Parents do indeed expect with joyful anticipation to see their children love the Lord Jesus as much as they do. Presbyterian parents look forward to the day when their children will be admitted to the Lord’s Supper by the Session of the Church. It is a joyful expectation. It is an attitude that begins at the birth of their children. Generally, this living faith in the hearts of their children will appear over time, probably over a period of years. They don’t expect dramatic experiences. They don’t expect a “come to Jesus moment.
It has been surprising to me how little most Presbyterians understand about the covenant. We name nearly everything using the word covenant (from Covenant Day School to Covenant College). However, when I ask most Presbyterians what the covenant is, and how it applies to their children, you should see the blank look on their faces. The Presbyterian Church has failed to teach covenant theology.
In dealing with the salvation of their children, most Presbyterians resort to typical evangelical and non-covenantal methodology. Some use the age of accountability model. Somehow, all children are saved until they reach a certain age of accountability, and then they become lost — and we need to get them saved. Tell them about Hell and get them to raise their hands for Jesus. Others treat their children the same way they would unbelievers. They need to be evangelized, and they need to put them under the influence of a youth pastor or send them off to church camp. Maybe their children will make a decision for Jesus.
The more Reformed (the Neo- Puritan strain) resort to the doctrines of election and regeneration as a model in dealing with children. There is not much they can do themselves, but they hope that God will regenerate their children at some point. They can pray for this but there are no guarantees. There is a covenant promise, but election and regeneration trump the promises. Then, on the other hand, at the other end of the spectrum, there is the extreme view of baptismal regeneration (currently associated with Federal Vision).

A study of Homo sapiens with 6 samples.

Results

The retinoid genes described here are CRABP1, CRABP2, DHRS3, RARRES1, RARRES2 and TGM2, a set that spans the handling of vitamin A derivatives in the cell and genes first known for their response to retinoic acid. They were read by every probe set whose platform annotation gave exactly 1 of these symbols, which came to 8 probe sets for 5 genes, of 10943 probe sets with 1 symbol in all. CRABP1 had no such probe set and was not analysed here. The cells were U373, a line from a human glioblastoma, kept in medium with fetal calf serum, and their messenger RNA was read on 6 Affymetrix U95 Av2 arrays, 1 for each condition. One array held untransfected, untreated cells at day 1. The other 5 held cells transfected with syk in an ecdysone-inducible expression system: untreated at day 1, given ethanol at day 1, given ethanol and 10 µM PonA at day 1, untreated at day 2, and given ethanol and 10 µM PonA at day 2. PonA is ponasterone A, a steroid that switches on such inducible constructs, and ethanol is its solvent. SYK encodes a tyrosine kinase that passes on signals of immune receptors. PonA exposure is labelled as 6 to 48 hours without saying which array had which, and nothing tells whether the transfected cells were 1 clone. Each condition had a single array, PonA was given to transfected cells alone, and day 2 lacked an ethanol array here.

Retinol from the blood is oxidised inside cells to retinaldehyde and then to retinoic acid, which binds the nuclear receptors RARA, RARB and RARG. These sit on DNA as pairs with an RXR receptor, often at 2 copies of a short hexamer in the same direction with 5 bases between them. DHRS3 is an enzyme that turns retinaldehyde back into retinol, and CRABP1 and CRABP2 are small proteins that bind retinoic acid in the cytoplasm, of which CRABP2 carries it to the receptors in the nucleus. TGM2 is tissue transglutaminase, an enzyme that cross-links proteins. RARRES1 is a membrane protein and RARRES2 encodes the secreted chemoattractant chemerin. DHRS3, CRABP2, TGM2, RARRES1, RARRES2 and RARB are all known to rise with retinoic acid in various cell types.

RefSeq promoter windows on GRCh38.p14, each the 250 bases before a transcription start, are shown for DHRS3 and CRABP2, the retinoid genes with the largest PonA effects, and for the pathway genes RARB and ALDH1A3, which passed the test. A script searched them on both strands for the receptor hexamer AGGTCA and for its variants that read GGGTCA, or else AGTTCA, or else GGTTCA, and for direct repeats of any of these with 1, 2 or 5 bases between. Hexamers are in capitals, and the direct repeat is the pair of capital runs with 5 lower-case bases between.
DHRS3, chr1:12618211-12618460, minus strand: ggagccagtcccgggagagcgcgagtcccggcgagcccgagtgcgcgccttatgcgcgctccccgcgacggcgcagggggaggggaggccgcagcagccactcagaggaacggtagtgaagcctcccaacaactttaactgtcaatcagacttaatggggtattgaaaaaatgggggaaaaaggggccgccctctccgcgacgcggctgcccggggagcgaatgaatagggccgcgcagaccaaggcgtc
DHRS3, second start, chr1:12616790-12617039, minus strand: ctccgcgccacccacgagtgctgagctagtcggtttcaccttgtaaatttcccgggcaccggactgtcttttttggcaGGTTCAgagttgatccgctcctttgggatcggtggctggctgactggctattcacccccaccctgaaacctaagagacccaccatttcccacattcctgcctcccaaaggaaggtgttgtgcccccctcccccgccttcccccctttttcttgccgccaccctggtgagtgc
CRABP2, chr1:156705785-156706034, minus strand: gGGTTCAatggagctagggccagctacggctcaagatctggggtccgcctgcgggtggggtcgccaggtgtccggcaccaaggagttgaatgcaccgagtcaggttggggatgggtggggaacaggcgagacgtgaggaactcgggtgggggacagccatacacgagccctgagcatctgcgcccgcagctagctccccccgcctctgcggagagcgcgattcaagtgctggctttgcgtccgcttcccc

The covenant is a bond in blood sovereignly administered by God with signs (baptism) attached that promises salvation to us and to our children. As parents take seriously their covenantal responsibilities with regard to their children, the covenant gives them a hope that God will work that same faith in their children that is in them. This was what Paul saw in Timothy. “For I am mindful of the sincere faith within you, which first dwelt in your grandmother Lois and your mother Eunice, and I am sure that it is in you as well” (2 Tim 1:5).
So, how do covenant parents treat their children? They tell their children that they have a special place before God by being in the covenant. They are holy (1 Cor. 7:14). They are not sinless (every parent knows this well), but they have been set apart by God as special. Then they follow what I call a three-pronged approach.
First, they pray for their children. They plead with God to be faithful to his covenant promises. Salvation is indeed all of grace. Secondly, they model the Christian faith in their own lives. Children love to imitate their parents. Don’t sell this short. When children see the love of Jesus Christ permeating the lives of their parents, we should expect to find that same experience of love for Christ in the children. Thirdly, covenant parents are always pressing upon their children the claims of the covenant, as they teach them the doctrines of our holy religion and pray with them and for them. The covenant does not give children the option of following Christ. The covenantal approach does not come in the form of a plea, but in the form of a command to believe in Christ as Lord and Savior. Affirm the covenant or perish! So was the witness to Israel under the Old Covenant. So it is under the New Covenant.
Parents do indeed expect with joyful anticipation to see their children love the Lord Jesus as much as they do. Presbyterian parents look forward to the day when their children will be admitted to the Lord’s Supper by the Session of the Church. It is a joyful expectation. It is an attitude that begins at the birth of their children. Generally, this living faith in the hearts of their children will appear over time, probably over a period of years. They don’t expect dramatic experiences. They don’t expect a “come to Jesus moment.”
After over forty years ministering in churches that understood the implications of the covenant, with very few exceptions, I saw the reality of the covenant working in Christian families. It was always a delight to meet the children of covenant families, especially the children of elders. I found that PKs (preacher’s kids) as adults often exhibited the most evidence of the grace of God in their lives. Having seen covenant children grow into Christian adulthood, I realize now why covenant families had ecstatic celebrations when their children were baptized as infants. They understood the implications of the covenant.
Larry E. Ball is a Honorably Retired Minister in the Presbyterian Church in America and is working as a CPA. He lives in Kingsport, Tennessee.